Four Basic Rules for Managing Your Online Reputation

by Chris Birk on October 20, 2010

Establishing a plan for online reputation management should be among those cornerstone, no-brainer planning stages. Today, it’s much too easy for anonymous complainers and feisty competitors to tarnish your brand and ultimately hijack your vision through online forums, comment fields, and competing websites.

The birth of your business marks the start of a daily battle to boost credibility and consumer awareness online. That’s where online reputation management (ORM) comes into play. ORM is, in essence, monitoring your brand and image online to help you mitigate potential problems.

Done right, ORM is simple, cheap, and effective. It’s also become a daily, and sometimes hourly, part of running a business in an era of social media and instantaneous feedback. Here are four ways entrepreneurs and start-ups can begin to tackle ORM.

Think Ahead

Managing your reputation often means taking preventative measures. Purchase a suite of domains related to your company name — not just the .net, .org and .biz extensions, but also some potentially hazardous derivatives. Think “yourcompanyreviews.com” or “yourcompanycomplaints.com” and even “yourcompanyscam.com.” As you build your business, use the “reviews” site as a hub for additional customer testimonials and positive praise about your startup.

Look Around

Create Google Alerts for your company, yourself, and any other pertinent connectors. Tap into Backtype and other engines that allow you to search blog comments and other user-generated content. Respond to complaints and criticisms rapidly. If a blogger rips your brand, politely ask for a rebuttal opportunity. Address public criticisms and complaints as publicly as possible — just don’t be badgered into giving away the store to quell an incessant complainer.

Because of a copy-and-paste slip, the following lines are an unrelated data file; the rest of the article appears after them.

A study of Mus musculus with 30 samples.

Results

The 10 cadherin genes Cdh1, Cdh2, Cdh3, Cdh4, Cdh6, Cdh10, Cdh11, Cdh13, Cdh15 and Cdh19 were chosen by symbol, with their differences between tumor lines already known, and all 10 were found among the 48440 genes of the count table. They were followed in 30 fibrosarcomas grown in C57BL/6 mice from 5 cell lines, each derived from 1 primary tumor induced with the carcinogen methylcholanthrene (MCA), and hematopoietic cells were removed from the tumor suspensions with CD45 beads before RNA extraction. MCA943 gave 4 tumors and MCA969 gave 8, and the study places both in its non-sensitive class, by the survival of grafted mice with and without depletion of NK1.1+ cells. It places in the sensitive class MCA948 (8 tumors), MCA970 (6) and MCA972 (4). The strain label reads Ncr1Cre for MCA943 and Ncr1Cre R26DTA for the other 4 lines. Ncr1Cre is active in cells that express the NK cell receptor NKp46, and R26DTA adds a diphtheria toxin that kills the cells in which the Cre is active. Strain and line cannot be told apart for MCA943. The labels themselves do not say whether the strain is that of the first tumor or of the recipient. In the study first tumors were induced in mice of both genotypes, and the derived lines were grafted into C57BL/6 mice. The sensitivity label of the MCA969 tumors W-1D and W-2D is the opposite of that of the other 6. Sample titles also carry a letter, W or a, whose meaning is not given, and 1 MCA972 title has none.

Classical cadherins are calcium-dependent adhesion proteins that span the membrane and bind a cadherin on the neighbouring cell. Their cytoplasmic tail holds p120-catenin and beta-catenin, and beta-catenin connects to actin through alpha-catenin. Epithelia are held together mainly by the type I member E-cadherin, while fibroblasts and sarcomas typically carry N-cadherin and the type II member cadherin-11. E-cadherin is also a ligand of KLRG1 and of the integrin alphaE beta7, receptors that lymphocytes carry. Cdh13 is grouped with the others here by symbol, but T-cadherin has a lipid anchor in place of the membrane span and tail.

Spread the Word

Negative content happens. That’s why it’s important to flood the internet with relevant, positive information about your company and your brand. Submit guest posts to industry sites, then showcase those “gets” in an “As Seen In” media clips section on your company website. Sign up for Help a Reporter Out and become a source for journalists nationwide — then, of course, slap those news outlet logos in your “As Seen In” section. Garner customer testimonials and words of praise and create a unique page on your site to showcase them. Then filter any others over to that aforementioned separate company reviews page. You can’t delete negative blog posts and reviews. But you can tamp them down with good news.

Meet and Greet Online

Use social networking sites and tools to interact with prospects and existing customers. Respond to questions and address problems through Facebook and Twitter. Use these forums to pump out positive information about your company and your services as often as possible

For any startup company, ORM plays an essential role in developing an online brand. If you want to keep your company from attacks — especially the unjust ones — ORM needs to be a priority. With some practice and planning, monitoring your reputation online will take little energy but pays big dividends.